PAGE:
JACKSON, Tenn. – Dec. 17, 2007 – A complex and diverse world needs the commitment and contributions that alumni of Christian colleges like Union University can offer, Deborah Wilds told Union graduates Dec. 15.
“In his sovereignty, God has just the proper place for each of us,” Wilds said. “And it is through prayer and seeking His face through Jesus Christ that gives us the proper discernment to recognize that place.
“As Christian college graduates, you have been uniquely equipped to integrate biblical truth, intellectual capital and professional skills to live in a complex and increasingly diverse world.”
Wilds is president and chief operating officer of the College Success Foundation, an organization that provides scholarships and mentoring to low-income, high-potential students. She was the keynote speaker for the fall commencement services of the 183rd graduation class from Union University, where 263 students received their degrees at West Jackson Baptist Church.
It was Union’s largest December graduation ever, and included the first group of graduates from Union’s Master of Christian Studies program – Richard Vaughan Bragg, Randall Anthony Kellough, Robert C. Maxwell and Stephanie Brown Morris.
As part of the ceremony, Union President David S. Dockery presented the Robert E. Craig Service Award to Thad and Alicia Smotherman, from Arlington, Texas.
The award is named after Union’s 13th president, who led the university for more than two decades and was responsible for reestablishing Union with the churches of the Tennessee Baptist Convention. Craig was also responsible for relocating the university campus to north Jackson.
The Smothermans serve on Union’s Board of Regents, and for the past 10 years have hosted and supported Union’s alumni work in Texas. Alicia, a 1963 Union graduate, is a physician. Thad is an investor who is a leader in several business and health care-related operations.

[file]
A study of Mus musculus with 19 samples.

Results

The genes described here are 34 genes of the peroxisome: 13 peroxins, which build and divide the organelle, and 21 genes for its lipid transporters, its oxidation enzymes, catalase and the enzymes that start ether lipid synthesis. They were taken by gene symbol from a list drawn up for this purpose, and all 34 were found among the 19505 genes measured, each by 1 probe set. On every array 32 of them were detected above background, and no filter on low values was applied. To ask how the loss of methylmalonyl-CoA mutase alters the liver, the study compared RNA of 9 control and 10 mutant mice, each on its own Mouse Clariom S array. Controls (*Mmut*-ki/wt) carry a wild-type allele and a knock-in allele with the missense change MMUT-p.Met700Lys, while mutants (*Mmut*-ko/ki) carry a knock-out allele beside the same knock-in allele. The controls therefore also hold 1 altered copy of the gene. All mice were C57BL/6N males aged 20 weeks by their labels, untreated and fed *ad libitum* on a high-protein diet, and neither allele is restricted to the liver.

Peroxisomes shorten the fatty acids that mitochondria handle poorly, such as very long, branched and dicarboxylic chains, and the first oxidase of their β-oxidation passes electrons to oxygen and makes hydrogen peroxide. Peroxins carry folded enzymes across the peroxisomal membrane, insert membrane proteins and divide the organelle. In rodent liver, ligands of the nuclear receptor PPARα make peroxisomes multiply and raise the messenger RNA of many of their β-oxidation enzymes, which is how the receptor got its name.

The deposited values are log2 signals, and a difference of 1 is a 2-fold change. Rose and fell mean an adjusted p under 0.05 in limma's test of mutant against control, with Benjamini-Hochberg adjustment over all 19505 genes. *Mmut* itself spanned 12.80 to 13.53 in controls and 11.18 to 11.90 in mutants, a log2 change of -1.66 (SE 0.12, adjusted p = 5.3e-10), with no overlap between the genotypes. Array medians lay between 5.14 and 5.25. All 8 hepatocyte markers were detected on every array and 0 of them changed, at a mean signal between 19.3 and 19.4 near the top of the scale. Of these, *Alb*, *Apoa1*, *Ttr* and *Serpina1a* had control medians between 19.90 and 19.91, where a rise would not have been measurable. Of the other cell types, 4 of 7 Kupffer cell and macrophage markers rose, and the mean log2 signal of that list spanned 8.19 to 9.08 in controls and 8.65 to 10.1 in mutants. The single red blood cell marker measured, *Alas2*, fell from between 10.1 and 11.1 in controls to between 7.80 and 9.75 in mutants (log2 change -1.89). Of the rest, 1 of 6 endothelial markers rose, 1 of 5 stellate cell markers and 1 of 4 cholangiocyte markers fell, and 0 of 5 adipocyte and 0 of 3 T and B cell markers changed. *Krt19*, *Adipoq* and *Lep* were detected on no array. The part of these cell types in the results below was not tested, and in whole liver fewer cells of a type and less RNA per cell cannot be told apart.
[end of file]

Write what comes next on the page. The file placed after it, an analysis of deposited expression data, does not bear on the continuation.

“Thad and Alicia Smotherman are terrific people who have offered incredible support for the work of Union University over the past decade,” Dockery said.
“Their efforts to enhance our alumni work with Union alums in Texas, their support for prospective students in that area and their service on the Union Board of Regents have all been beneficial for the university.
“We particularly want to thank them for their wise counsel and encouragement in the startup of the nurse anesthesia program at Union. They are most worthy recipients of this year’s Craig Service Award.”
Union also presented an honorary Doctor of Humanities degree to Stephen C. Reynolds, president and CEO of Baptist Memorial Health Care of Memphis. In September, BMHC made a $1 million donation to the health care programs at Union.
“Stephen Reynolds has given outstanding leadership to the work of Baptist Memorial Hospital in Memphis for many years,” Dockery said. “We are thrilled to recognize his leadership in the world of health care, to acknowledge his partnership in the work of Tennessee Baptists and to thank him for his support of our new pharmacy program.”
In her address, Wilds told graduates that there are many challenges awaiting them. Society has no shortage of needs, she said, but there is a shortage of people with the long-term commitment to address some of society’s problems – such as racial injustice.
Wilds said that even after more than 50 years since the Brown v. Board of Education decision by the U.S. Supreme Court, educational and economic opportunities are still largely contingent upon race and ethnicity.
“Our God is a God of equity. Our God is a God of justice,” Wilds said. “As Christians, we should be at the forefront of efforts to bring about racial justice, healing and reconciliation in our nation.”
To do that, Wilds encouraged graduates to follow the example of Jesus’ life of service to others.
“Our Lord’s message was utterly simple, but completely profound,” she said.